Healthy Living

The One Question You Need to Ask About Heart Failure

09/28/2017 04:08pm ET | Updated September 28, 2017

Today is World Heart Day and it’s near and dear to my heart, no pun intended. You may know that my mom, Rita, has been living with heart failure (HF) for many years. Today reminds me of our journey together and how far we’ve come since her diagnosis.

It’s important to understand that HF is a chronic, progressive yet manageable condition. Simply put, HF means the heart is unable to pump blood efficiently enough to meet the body’s needs. Sometimes, you may hear people refer to it as “having a weak heart.”

Since her diagnosis, my mom and I have learned a tremendous amount about HF and we want to help you become better educated about the condition, too. With 1 in 5 Americans being diagnosed with heart failure in their lifetime, it’s time for all of us to get smart about a condition that affects too many people.

We’re blessed to continue working alongside the American Heart Association, with support from Novartis Pharmaceuticals Corporation, on Rise Above Heart Failure, an initiative designed to spread the word about heart failure and to ask, “What the HF?”

“What the HF?” is an interactive quiz that tests your heart failure IQ. It provides information on the HF signs and symptoms that you and your loved ones should look out for and tells you the steps to take to manage them.

All you need to do is follow these three easy steps:

  • Get started: Find the quiz at
  • Get smart: Take the “What the HF?” quiz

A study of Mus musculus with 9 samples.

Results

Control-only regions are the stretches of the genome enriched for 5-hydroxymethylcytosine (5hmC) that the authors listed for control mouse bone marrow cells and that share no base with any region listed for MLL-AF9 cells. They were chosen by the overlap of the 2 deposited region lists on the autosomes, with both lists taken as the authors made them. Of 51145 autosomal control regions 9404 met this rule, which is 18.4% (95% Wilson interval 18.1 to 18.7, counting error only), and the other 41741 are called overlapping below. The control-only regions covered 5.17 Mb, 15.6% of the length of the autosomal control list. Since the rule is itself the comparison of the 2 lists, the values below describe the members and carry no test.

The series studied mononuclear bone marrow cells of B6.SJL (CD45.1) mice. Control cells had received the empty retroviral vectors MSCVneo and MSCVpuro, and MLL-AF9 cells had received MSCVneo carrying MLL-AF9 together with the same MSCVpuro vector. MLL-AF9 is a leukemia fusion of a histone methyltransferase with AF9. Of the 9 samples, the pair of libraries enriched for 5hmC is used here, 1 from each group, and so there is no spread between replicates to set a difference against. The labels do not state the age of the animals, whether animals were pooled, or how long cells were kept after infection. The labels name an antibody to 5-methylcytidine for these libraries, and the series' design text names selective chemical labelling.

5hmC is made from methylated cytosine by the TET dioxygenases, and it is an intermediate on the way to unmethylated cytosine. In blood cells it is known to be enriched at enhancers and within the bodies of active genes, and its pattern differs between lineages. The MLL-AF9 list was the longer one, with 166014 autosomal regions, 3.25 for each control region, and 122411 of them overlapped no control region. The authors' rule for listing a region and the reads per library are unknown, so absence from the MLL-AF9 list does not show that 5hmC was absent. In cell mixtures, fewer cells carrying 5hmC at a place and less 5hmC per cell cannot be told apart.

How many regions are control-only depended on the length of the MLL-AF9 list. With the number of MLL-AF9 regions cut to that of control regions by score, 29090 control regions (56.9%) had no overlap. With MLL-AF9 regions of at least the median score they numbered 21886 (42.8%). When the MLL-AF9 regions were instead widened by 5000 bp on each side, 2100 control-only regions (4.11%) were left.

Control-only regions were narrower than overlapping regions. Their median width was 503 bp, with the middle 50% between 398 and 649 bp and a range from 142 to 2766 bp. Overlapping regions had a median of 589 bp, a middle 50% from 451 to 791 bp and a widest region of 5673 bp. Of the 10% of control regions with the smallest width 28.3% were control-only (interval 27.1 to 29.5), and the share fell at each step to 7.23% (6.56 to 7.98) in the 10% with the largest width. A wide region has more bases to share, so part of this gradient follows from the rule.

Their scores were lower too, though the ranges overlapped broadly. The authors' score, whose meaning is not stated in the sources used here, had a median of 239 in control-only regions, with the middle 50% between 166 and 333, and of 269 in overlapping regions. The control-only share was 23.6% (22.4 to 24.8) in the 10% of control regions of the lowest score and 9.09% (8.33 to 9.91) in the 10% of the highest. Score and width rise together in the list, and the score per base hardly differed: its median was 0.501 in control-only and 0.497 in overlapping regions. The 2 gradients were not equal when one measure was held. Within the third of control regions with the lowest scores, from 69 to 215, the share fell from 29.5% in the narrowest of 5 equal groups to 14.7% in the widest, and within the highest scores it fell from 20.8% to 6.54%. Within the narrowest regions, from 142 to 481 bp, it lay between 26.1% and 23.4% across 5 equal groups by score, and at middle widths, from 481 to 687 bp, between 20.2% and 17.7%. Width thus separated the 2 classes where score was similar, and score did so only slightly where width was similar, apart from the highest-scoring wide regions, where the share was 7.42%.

• Get social: Share the quiz with 5 people you love, in recognition of the 1 in 5 Americans who will develop HF sometime in their lives, so they can ask “What the HF?” too.

Once you take the “What the HF?” quiz, you’ll be able to recognize the signs and symptoms of HF listed below. These symptoms are sometimes mistaken as signs of getting older. If you are experiencing more than one of them, you should talk with your doctor:

  • New or worsening shortness of breath
  • Feeling fatigued or lightheaded
  • Build-up of fluid or edema
  • Chronic coughing or wheezing
  • Nausea or lack of appetite
  • Confusion or impaired thinking
  • High heart rate

Generally, HF can be managed by working with your doctor and determining what is the right treatment plan for you. The overall plan may include a low-salt diet, regular physical activity and medication. Treatment option guidelines have been updated, and patients should speak with their doctor to determine whether their current regimen is still right for them.

Having resources like “What the HF?” gives us all a head start on learning more about the condition. With the right information and resources, HF can be managed. Isn’t it about time to join me and the 6.5 million Americans living with HF to Rise Above Heart Failure?

Queen Latifah is an award-winning actress, singer, songwriter and producer. She and her mother, Rita Owens, work with the American Heart Association’s Rise Above Heart Failure initiative, which seeks to spread the word about heart failure and to help others understand its signs and symptoms, as well as how to manage it. Rise Above Heart Failure is nationally supported by Novartis Pharmaceuticals Corporation.